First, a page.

Dynamic patient position changes during colonoscope withdrawal increase adenoma detection: a randomized, crossover trial.
ABSTRACT Colonoscopy has a miss rate for adenomas that may partly relate to poor visualization of the colonic surface. Dynamic position changes during colonoscope withdrawal can improve luminal distension.
To assess whether position changes also improve adenoma and polyp detection.
Randomized crossover clinical trial.
Academic endoscopy unit.
This study involved 130 patients who presented for routine colonoscopy.
Examination either entirely in the left lateral position followed by position changes (cecum to hepatic flexure, left lateral; transverse colon, supine; splenic flexure and descending colon, right lateral) or vice versa. After both examinations, polyps were removed for histopathology.
Proportion of patients with ≥1 polyp or adenoma detected between the hepatic flexure and the sigmoid-descending colon junction. Luminal distension was measured on a scale of 1 to 5: 1, total collapse; 5, fully distended.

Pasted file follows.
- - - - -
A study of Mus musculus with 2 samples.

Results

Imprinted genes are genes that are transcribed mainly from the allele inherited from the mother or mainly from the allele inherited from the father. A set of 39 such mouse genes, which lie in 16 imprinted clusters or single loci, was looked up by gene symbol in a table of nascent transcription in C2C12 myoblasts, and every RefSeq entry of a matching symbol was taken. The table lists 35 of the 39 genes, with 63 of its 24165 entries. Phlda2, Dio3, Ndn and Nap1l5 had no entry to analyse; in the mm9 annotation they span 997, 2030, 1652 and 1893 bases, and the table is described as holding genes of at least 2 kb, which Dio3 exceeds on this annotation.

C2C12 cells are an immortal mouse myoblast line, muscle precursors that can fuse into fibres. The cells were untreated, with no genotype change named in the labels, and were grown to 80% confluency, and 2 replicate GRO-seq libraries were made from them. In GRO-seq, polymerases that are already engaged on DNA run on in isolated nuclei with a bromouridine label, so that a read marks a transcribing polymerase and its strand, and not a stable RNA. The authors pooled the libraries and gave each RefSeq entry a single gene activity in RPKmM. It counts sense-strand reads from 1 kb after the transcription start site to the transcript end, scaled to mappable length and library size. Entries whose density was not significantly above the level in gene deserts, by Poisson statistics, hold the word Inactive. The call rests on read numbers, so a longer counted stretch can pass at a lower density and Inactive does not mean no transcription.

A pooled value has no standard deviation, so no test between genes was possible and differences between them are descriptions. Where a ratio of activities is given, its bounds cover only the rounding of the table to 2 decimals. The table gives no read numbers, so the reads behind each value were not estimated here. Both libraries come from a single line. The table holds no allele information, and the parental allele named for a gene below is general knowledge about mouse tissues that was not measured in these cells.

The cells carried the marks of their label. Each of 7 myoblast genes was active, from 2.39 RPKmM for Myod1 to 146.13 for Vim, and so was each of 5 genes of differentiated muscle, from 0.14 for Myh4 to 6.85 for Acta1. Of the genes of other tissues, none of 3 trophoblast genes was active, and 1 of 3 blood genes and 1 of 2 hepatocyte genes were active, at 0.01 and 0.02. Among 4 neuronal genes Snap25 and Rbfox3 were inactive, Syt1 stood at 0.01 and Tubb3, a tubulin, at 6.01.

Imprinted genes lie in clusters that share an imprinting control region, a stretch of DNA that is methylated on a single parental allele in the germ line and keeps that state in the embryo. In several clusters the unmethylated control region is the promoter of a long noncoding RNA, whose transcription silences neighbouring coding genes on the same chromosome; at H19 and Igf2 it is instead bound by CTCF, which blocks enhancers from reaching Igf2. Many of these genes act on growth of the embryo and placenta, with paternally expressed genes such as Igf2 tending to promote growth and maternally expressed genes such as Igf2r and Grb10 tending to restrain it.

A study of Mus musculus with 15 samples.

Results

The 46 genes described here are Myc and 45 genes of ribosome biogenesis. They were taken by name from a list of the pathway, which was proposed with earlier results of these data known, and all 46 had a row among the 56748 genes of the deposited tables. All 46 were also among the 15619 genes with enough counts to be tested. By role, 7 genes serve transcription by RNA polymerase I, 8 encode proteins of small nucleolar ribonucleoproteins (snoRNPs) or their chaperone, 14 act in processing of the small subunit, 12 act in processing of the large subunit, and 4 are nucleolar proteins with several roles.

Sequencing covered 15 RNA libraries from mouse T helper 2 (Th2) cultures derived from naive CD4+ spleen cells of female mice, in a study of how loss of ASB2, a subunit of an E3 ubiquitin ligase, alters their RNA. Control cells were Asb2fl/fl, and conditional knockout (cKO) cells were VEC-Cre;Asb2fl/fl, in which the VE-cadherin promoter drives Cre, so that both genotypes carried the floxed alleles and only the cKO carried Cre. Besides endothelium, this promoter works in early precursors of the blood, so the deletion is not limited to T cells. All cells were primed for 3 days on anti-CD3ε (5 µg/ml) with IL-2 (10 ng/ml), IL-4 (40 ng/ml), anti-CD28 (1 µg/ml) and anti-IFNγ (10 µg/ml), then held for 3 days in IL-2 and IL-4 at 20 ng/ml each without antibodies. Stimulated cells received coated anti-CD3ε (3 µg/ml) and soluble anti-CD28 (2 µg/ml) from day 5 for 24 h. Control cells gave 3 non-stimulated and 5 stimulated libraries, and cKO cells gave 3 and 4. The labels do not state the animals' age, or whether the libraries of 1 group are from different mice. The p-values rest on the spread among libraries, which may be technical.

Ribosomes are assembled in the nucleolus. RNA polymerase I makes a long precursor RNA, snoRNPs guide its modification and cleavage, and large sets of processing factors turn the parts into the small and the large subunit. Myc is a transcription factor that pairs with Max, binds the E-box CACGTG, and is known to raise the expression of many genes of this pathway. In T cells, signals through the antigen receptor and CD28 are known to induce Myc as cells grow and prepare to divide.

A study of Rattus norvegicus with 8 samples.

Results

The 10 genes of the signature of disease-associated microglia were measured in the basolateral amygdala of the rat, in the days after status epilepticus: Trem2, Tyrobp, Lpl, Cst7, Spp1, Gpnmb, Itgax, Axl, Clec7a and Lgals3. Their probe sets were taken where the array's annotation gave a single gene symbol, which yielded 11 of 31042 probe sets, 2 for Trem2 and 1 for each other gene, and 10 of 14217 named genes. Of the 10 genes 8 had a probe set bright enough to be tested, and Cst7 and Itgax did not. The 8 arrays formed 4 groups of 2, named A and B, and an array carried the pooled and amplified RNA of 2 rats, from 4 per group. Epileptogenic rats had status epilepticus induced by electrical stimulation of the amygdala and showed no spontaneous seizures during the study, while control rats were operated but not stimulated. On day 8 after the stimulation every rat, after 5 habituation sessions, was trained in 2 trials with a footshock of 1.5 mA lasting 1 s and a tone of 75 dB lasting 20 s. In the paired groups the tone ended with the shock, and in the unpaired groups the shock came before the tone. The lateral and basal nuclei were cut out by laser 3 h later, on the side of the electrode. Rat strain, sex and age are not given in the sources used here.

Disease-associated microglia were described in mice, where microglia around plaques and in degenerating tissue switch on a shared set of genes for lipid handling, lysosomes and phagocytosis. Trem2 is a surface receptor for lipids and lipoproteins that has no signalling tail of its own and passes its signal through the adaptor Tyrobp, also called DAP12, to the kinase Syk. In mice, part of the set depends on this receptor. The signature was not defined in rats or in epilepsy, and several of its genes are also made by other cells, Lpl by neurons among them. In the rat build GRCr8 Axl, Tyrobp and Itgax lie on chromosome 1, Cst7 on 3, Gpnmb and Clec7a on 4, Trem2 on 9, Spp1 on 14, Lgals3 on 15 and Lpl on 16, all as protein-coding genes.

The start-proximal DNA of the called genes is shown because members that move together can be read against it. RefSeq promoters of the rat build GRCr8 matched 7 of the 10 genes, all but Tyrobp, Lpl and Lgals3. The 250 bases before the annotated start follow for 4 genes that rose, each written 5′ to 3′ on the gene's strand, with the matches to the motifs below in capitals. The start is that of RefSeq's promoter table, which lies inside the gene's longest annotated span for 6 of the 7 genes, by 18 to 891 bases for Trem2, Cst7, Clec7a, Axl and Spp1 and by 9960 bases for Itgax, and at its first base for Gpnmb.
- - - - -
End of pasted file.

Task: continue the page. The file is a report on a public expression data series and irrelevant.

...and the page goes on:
At least 1 adenoma was detected in 34% of patients in colon areas in which the patient position differed from left lateral (transverse colon, splenic flexure, descending colon) compared with 23% examined with the patient in the left lateral position alone (P = .01). At least 1 polyp was detected in 52% of patients with position changes versus 34% of patients examined in the left lateral position alone (P < .001). Adenoma and polyp detection were positively correlated with an improved distension score (correlation coefficient, 0.12; P < .001). Adenomas were detected in 16% of colon areas with adequate distension scores (4 and 5) compared with 7% of those with borderline or nondiagnostic scores (1-3; P < .001).
Dynamic position changes during colonoscope withdrawal significantly improved polyp and adenoma detection. (Clinical trial registration number: NCT00234650).